Salaries in Data Science. Hiring an Analytics Engineer. The Future of Data Eng. FDA for Algorithms? [DSR #195]
|Aug 25, 2019|
As much as the enterprise is obsessed with data science and AI, it’s really large tech companies that are willing to pay the top salaries.
The analytics engineer is the newest member of the modern data team–owning everything from data transformation to testing and documentation. Here’s how to hire one.
Written in collaboration with over a dozen members of the dbt community, this post goes deep into the types of people being hired for this role, interviewing tactics, and sourcing candidates. This is a hard role to hire for and critical for the success of your entire data team.
There are four areas, in particular, where I expect to see shifts over the next few years: timeliness, connectivity, centralization, and automation (…)
Fantastic post from an author deeply embedded in the current ecosystem. There really is a long way for the field still to go: it is very much in its nascency.
Algorithms cause permanent side effects on society. They need clinical tests.
There is a lot of discussion around AI ethics, but there are few actual recommendations on what to do (other than “raise public awareness” and “have the conversation”). I don’t know whether I’m particularly in support of this suggestion, but I do think it is not crazy and it is actually a real suggestion. The three authors are super-qualified on the topic and the article is well-thought-out. Worth a ponder.
There are two broad mandates that data teams tend to get formed with: 1) provide data to the company, 2) provide insights to the company. These might sound similar — and they’re certainly both important — but they necessitate completely different skillsets. In fact, I’m going to argue that the conflation of these two objectives is exactly what kills good data talent and confounds the hiring process.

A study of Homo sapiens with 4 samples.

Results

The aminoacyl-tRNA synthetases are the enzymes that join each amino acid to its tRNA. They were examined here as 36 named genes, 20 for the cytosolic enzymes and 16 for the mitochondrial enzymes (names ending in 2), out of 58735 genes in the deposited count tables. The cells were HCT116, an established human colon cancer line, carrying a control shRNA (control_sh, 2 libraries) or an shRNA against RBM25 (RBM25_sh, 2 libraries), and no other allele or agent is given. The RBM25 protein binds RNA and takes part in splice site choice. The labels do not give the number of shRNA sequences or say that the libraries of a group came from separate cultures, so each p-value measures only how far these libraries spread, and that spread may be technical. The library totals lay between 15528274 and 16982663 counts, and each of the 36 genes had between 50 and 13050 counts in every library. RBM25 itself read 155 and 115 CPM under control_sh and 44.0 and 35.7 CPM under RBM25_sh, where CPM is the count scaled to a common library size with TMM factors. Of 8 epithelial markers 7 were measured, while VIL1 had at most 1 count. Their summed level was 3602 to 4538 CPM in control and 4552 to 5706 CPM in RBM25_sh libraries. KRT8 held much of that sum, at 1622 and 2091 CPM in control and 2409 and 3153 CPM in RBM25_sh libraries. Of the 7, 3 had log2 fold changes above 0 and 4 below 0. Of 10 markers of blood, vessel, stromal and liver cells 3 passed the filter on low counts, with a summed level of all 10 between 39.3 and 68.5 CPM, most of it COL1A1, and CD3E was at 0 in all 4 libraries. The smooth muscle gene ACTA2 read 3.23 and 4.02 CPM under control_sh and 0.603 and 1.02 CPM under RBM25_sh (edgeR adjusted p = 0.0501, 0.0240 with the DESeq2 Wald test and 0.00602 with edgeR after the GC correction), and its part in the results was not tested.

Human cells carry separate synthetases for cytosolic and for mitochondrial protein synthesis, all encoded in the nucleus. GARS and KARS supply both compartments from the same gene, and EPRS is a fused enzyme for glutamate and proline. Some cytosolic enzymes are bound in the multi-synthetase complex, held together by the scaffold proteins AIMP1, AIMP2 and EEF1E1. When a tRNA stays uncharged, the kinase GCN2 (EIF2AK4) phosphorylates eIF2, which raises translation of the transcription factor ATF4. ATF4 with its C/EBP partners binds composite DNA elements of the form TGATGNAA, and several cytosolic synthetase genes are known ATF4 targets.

This post is an excellent discussion around an important point: should data teams be engaged in helping business units answer specific questions or do they exist to make data available and facilitate self-service?
There is no consensus on this topic right now. My sense is that modern data teams lean towards enabling self-service (“data as product”) because that approach tends to scale better as an organization grows. This approach does, however, rely on business units having strong analytical skillsets of their own.
This article advocates that maturing data teams should skew towards data-as-a-service. I’m not sure that I agree with this perspective but more importantly I think the answer is largely contextual to the particular organization. What’s definitely true is that you need to be intentional about designing the interaction paradigm between your data team and the rest of your org and align your hiring decisions with it.
This is an impressive feat:
The NVIDIA DGX SuperPOD with 92 DGX-2H nodes set a new record by training BERT-Large in just 53 minutes. This record was set using 1,472 V100 SXM3-32GB 450W GPUs and 8 Mellanox Infiniband compute adapters per node, running PyTorch(…)
The post reads like the press release it is, but was interesting nonetheless. My primary takeaway was the level of scalability the team was able to achieve: 76% efficiency vs. baseline in a setup with 512 GPUs. Impressive.
Great introduction to how to solve common problems using graphs. Excellent explanations, simple code snippets… Very useful introduction to a topic that is too-infrequently discussed.